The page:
How Do I Adopt In Pennsylvania?
The adoption process in Pennsylvania is quite difficult. As a result, it is important that you have lawyers who know the law, understand the process and can be there for you every step of the way. Our Central Pennsylvania adoption lawyers have handled private, domestic, intrastate, interstate, stepparent and same-sex adoptions.
Contact us today for help. You focus on the joy while we focus on the law. We have conveniently located offices in York, Shrewsbury and Mount Wolf.
Step One: Termination Of Parental Rights
The rights of the birth parents must be terminated by voluntary or involuntary relinquishment. For voluntary termination, the birth father may sign a consent form at any point, including prior to birth. The birth mother cannot complete the consent form until at least 72 hours after the birth of the child. Both birth parents have 30 days to revoke consent. The time varies based on when the consent form was signed or the child was born.
Involuntary termination is possible under a variety of circumstances. If a father has been identified by the mother and refuses to consent, if he does not file a claim or acknowledgment of paternity, his rights may be terminated at a hearing. Involuntary termination is also possible for rape, for abandonment or through a termination hearing.
Step Two: Adoption Of The Child By The Prospective Parent(s)
Any individual who meets the requirements may become an adopting parent. The process will vary based on the type and complexity of the adoption. In cases where the birth parent is deceased or voluntarily terminates her rights, the process is much simpler than in cases where involuntary termination is necessary.
The petition for adoption is the document that the adoptive parent(s) complete(s) when moving forward. This document must include ChildLine abuse and state police clearances as well as any additional required clearances. The birth certificate, marriage license (stepparent), INS designations (foreign children) and other documents may be required as well. When you retain us, we will make certain that all appropriate documents are obtained and included as exhibits in your petition. In addition, some procedures such as a home visit may be required. Our qualified attorneys will assist you to address all formalities necessary to complete the process.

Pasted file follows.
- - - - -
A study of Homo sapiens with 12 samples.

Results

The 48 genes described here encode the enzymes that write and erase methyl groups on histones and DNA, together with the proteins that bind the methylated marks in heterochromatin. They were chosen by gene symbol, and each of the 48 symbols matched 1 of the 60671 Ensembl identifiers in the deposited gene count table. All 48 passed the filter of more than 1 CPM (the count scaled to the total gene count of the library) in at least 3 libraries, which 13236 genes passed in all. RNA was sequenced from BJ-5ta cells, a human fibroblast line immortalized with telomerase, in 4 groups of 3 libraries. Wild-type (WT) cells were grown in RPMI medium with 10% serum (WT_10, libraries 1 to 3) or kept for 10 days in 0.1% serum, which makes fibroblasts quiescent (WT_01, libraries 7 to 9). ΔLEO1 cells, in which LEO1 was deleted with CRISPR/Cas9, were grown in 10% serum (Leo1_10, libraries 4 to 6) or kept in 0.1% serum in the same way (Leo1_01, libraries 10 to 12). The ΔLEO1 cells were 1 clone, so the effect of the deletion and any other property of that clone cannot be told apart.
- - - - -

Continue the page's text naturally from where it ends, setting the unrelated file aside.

What Types Of Adoptions Are There?
In addition to circumstances where both biological parents gave up their rights to their child, there are times when only one biological parent will give up his or her rights.
If one parent is remarrying and wishes for the new spouse to adopt his or her child, the other parent must be willing or is required to terminate his or her rights. Then the new spouse can step in to complete the adoption.
Pennsylvania allows for same-sex or second-parent adoptions. The nonbiological parent can adopt once the appropriate termination of rights by the nonpartner biological parent is completed. Normally the termination of rights in such cases will be voluntary.
Can I Change The Name Of My Adopted Child?
Frequently, the new parent(s) will want to change the last name of the child. In order to obtain a name change, a judicial change of name is required. Normally, these name changes are granted as a matter of course, but judges have a great deal of discretion in terms of whether he or she wishes to grant the change. Read more about name changes here.
Who Can Help Me With Adoption?
The steps involved in completing an adoption are time-consuming and contain numerous minefields. As a result, it is important that you have a law firm by your side to make certain you understand and meet all of the requirements. In addition, you want a firm that appreciates the emotional difficulty of the process you will be undertaking. The attorneys at Hoffmeyer & Semmelman will support you through both the legal and emotional issues surrounding an adoption. Our adoption attorneys have helped many people grow their families and can advise you throughout this difficult but exciting process.